Titlee-Waste generation and management in Uganda
Publication TypeProceedings Article
Year of Conference2008
AuthorsSchluep M, Wasswa J, Kreissler B, Nicholson S
Conference NameWaste Management Conference (WasteCon2008)
Conference Start Date06.10.2008
Conference LocationDurban, South Africa
Keywordse-waste, massflows, Personal computers, recycling, refurbishment, Uganda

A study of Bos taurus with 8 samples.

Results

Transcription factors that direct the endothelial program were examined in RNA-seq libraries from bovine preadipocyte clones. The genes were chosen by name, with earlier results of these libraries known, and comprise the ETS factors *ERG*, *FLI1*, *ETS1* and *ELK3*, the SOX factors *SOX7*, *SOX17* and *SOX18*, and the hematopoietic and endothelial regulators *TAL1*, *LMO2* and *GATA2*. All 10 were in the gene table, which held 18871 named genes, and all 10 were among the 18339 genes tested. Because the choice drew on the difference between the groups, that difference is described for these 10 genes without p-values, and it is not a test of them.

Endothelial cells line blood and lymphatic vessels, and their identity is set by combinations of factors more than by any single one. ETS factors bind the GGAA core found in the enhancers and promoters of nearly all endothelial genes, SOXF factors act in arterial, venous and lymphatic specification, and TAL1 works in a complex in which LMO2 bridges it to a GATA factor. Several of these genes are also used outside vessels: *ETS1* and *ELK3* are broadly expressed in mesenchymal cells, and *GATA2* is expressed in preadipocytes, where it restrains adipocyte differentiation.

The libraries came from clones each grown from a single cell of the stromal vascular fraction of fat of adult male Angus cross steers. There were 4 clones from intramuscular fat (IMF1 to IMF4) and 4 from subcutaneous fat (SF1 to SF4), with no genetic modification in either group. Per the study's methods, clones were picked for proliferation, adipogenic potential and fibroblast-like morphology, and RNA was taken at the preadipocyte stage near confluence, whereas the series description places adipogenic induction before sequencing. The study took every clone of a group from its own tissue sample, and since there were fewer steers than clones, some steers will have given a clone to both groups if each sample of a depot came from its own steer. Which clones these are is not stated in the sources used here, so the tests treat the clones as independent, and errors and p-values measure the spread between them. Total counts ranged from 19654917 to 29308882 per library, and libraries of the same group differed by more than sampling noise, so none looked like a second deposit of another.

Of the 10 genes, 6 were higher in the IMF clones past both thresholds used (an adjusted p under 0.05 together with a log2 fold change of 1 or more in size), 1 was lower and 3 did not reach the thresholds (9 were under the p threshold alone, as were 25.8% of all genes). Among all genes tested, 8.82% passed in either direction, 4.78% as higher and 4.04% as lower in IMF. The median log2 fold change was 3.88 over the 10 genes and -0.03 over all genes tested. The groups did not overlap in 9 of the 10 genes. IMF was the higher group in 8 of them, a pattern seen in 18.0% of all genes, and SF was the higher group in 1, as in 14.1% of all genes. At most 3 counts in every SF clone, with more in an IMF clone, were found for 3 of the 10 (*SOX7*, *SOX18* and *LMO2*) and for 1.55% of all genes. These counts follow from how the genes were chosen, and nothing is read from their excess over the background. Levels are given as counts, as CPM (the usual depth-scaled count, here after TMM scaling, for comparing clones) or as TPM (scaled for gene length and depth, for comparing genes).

Difficulty of access to hardware and software to leverage the benefits of ICT is particularly acute for small and medium enterprises (SMEs) in less developed countries. Within the framework of the partnership agreement that was signed in July 2006, UNIDO and Microsoft plan to make secondary PCs available to SMEs in developing economies in a safe and sustainable way. As part of this initiative it is intended to support the establishment of local sustainable e-waste material recovery facilities (MRF). Hence with support of the Swiss Institute of Materials Science and Technology (Empa) and the Uganda Cleaner Production Centre an e-waste assessment study with emphasise on personal computers was carried out in Uganda. The study aims to provide the necessary data to define a solution for handling e-waste associated with the UNIDO/Microsoft refurbishment project in Kampala and to provide general data about the e-waste situation in Uganda. There are no specific mechanisms in place to deal effectively with e-waste, although some recent development in Ugandan legislation can be read as having a bearing on e-waste. The assessment indicates that in 2007 around 300’000 PCs were installed in Uganda, of which 75% in governmental, educational and non-governmental organizations. It was estimated that around 15% of imports enter the country as second-hand computers. In 2007 up to 50,000 PC units might have reached their end-of-life. However, only a small portion seems to appear in the waste stream. A few tons of computer waste could be tracked back to informal waste pickers from landfill sites and formal and informal refurbishment businesses in Kampala. This finding suggests that most of the e-waste in Uganda is still in storage, yet this situation could change soon. Although unproblematic fractions from computer waste, such as plastic and metal could be recovered in existing recycling facilities in Uganda, especially hazardous fractions, such as leaded CRT glass and PCB containing capacitors need new solutions. Therefore infrastructure and mechanisms to handle this waste stream should be in place soon. An MRF as intended by the UNIDO / Microsoft initiative could be part of this solution and serve as a model for other refurbishment centres.